Eleven of twelve Republican members of the legislature’s Joint Finance Committee voted last week to support a key element of Governor Tony Evers’ transportation budget.
This map explains the vote. It highlights projects in the four corners of the state that would be delayed or cancelled without additional funding for the state Highway Rehabilitation Plan.
Last month Wisconsin Department of Transportation (DOT) Secretary Craig Thompson released a list of 212 such projects. As I observed at the time, the list was organized by legislative district. Every member of the Assembly and Senate could thus see the impact of agreeing with legislative Republicans who oppose Evers’ plan. The prospect of localized versions of this map appearing in campaign literature next year is clear.
The influential League of Wisconsin Municipalities issued a statement when the map and list of projects were released. Titled “212 Roads to Somewhere,” it said in part:
The Wisconsin Legislature is deciding this spring whether or not to delay main street in 212 Wisconsin Cities, Villages and Towns…Each of those projects is a vital piece of a community’s economic success…
We admit that the “State Highway Rehabilitation Program” is a name only a bureaucratic mother could love…What’s the connection to downtown Wisconsin? It’s not local transportation aids. Why should we care?
We do care, because all roads in Wisconsin lead somewhere. For example, one of those 212 projects would resurface Highway 172 in the Green Bay Area; the highway that leads to the Brown County Airport. Another project would replace a critical bridge on Highways 59 and 18 in the City of Waukesha. One more resurfaces the road that runs through the Village of Athens in Marathon County. Project after project affects city after city, village after village and town after town. It’s all connected…
State highways are the links between Wisconsin’s 602 cities and villages; they are also often the main thoroughfares through those communities. They carry farm products, manufacturing equipment, school buses, ambulances and the tens of thousands of family vehicles traveling back and forth every day. Without a quality network of these roads linking local roads and the highway system, it gets harder to get to work, to get to school, and to get emergency services to people who need them…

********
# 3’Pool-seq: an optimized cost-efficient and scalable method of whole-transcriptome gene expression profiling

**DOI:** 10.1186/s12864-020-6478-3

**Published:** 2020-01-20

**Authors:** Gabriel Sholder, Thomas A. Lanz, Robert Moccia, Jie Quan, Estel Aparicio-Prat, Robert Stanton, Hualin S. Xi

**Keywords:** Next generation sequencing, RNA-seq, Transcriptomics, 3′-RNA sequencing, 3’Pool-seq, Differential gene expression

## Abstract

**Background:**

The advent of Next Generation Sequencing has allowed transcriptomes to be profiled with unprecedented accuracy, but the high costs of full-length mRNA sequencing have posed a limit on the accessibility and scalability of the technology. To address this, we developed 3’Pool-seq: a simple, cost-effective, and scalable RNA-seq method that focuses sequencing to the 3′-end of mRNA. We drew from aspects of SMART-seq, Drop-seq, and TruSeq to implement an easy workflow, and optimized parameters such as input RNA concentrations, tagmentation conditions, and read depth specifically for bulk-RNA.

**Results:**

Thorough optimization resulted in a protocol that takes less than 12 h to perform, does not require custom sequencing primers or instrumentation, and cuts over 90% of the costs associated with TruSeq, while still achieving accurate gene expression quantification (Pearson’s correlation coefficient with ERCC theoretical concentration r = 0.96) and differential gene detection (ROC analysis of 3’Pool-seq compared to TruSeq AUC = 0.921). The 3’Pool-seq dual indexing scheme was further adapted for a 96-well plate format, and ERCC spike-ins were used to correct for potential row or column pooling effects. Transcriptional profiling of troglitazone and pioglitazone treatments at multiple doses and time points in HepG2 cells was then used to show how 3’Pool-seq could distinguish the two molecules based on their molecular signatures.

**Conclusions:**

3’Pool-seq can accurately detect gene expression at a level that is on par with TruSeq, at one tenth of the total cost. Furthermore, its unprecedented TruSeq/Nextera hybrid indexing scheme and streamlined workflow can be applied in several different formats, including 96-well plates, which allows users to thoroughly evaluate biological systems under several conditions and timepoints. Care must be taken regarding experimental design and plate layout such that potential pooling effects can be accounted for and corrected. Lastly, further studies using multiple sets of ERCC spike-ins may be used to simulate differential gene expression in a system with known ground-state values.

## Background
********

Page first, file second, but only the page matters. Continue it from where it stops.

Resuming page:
Take a look at the list…Chances are you’ll find a road that you drive on listed there. Think about that particular stretch of road. What happens to your village if that project doesn’t get done next year; or the year after; or maybe just doesn’t get done? Whose job is affected; whose school is affected; which ambulance has to be rerouted?
Senator Duey Stroebel (R-Cedarburg) was the sole Republican to vote against the motion approved last week.
“I don’t have a lot of faith in our transportation secretary, who used to be a road-builder lobbyist,” Stroebel said, according to the Milwaukee Journal Sentinel.
Patrick Marley also reported for the newspaper:
The plan also drew opposition from Republican Sen. Steve Nass of Whitewater, who said in a statement the deal may cause him to oppose the budget.
“Tonight is a big win for the road building special interests and a big loss for the taxpayers,” said Nass…Republicans control the Senate 19-14. With Democrats united against the GOP version of the budget, Republicans can’t afford to lose more than two votes.
In the next few weeks we will know whether GOP opponents of the Evers road plan can block it in the Senate (Assembly approval is seen as likely). Count on the map to be an important part of the discussion.